Rosicrucian Manifestos

Being the Fama and Confessio Fraternitatis

By John Valintin Andrae

Translation by Thomas Vaughan

Book design by William Kiesel

Sewn hard-cover in letterpress dust jacket

120 pages, engravings ( small 8º ) 4.25” x 7”

  • Source Texts of the Famous Mystic Order
  • Vaughan’s Letter from the Brothers RC
  • Quality bookmaking for beauty and longevity

Early in seventeenth century Germany two anonymous manuscripts were in circulation which would cause a stir in intellectual and spiritual communities in Europe with calls for reformation and a focus on the Hermetic-Cabalist tradition. The manuscripts were finally printed as the Fama Fraternitatis and Confessio Fraternitatis and told the story of the founding of a mysterious society; the Brethren of the Rosy Cross, which eschewed religious dogma and called for the study of Alchemia, Magia and Cabala.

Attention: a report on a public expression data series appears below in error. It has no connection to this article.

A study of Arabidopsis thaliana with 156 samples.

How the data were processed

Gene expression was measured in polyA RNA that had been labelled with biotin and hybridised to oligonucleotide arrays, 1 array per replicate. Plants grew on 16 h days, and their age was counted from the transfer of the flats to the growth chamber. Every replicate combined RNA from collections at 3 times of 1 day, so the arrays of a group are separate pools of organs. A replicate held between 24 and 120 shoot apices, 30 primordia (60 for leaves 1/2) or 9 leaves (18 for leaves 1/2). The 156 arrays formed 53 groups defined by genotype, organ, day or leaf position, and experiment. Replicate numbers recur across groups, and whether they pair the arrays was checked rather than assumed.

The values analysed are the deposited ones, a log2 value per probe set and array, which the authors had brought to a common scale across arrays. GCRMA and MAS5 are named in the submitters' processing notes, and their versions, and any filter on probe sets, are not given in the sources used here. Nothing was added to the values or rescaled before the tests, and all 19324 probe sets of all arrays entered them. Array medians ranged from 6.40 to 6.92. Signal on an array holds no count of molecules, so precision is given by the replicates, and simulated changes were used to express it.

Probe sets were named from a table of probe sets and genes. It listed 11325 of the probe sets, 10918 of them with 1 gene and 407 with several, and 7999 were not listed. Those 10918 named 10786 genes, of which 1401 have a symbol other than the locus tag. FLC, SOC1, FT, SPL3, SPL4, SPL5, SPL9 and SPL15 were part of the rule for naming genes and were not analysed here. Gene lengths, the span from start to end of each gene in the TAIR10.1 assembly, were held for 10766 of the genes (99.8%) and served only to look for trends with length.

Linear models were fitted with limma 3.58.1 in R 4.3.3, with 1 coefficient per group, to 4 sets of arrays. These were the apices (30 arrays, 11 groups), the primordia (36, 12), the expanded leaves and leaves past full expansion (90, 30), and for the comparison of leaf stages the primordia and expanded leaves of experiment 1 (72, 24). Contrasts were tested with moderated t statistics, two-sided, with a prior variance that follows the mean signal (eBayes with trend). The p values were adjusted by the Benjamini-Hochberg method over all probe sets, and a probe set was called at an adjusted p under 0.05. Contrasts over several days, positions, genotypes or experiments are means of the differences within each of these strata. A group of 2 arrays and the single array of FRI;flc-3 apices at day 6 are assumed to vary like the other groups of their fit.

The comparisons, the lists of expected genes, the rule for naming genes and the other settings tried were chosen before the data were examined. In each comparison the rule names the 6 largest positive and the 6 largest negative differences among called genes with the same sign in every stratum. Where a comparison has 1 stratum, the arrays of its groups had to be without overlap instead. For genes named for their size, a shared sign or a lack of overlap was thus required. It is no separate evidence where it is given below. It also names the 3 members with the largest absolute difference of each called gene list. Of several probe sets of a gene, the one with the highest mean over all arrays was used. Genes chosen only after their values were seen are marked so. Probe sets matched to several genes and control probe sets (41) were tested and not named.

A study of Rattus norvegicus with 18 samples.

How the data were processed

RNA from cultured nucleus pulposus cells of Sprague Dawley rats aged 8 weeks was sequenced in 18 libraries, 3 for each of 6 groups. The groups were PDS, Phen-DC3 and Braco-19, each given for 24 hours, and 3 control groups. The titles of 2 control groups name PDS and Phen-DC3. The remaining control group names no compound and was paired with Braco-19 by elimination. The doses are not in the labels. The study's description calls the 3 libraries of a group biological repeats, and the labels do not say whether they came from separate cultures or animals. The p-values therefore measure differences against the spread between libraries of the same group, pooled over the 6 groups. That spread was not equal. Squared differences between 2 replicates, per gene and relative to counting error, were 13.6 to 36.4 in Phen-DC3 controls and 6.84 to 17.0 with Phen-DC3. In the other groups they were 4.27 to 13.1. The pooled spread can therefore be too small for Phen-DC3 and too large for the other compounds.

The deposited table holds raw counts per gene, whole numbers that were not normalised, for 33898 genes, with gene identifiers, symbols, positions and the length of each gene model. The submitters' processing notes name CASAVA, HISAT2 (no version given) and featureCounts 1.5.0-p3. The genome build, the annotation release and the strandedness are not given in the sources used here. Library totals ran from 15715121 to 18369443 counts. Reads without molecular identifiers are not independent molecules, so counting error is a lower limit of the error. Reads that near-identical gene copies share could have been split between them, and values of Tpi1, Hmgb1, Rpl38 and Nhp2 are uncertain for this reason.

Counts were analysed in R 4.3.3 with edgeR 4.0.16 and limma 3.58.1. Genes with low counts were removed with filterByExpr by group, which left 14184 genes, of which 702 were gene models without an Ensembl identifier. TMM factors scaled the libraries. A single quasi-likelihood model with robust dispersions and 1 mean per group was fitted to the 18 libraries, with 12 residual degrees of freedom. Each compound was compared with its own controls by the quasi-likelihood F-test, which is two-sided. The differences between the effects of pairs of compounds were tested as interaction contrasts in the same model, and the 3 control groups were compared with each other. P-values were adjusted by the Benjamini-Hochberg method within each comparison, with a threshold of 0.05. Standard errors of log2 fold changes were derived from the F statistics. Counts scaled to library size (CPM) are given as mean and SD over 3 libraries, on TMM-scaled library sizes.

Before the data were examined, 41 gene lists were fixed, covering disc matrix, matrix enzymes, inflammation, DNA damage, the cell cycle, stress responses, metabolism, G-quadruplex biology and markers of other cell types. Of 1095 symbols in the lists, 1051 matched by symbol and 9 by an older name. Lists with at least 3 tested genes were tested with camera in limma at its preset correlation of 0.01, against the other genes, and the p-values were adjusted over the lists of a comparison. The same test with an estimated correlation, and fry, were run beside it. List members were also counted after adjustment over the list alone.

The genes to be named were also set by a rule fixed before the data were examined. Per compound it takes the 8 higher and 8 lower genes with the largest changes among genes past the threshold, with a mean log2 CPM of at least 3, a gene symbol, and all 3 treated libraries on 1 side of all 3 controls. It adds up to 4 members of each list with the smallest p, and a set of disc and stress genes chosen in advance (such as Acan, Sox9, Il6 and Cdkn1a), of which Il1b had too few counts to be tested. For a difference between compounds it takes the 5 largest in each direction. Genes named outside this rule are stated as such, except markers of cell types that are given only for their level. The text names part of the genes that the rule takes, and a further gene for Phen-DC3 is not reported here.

Considered a ludibrium by many, including the supposed author Johann Valentin Andreae who later said he wrote them as a ‘youthful jest’, the Manifestos nonetheless ignited a firestorm of controversy which resulted in the rise of many forms of Rosicrucianism. Some of these movements have come down to us today in the form of magical orders such as the Hermetic Order of the Golden Dawn, the Builders of the Adytum or AMORC, now based in San Jose California. As the Master Therion wrote in Liber LXI vel Causae concerning purported Rosicrucian manuscripts; “You will readily understand that the genuineness of the claim matters no whit, such literature being judged by itself, not by its reputed sources.”

The Foundation Documents of the Brotherhood of the Rosy Cross.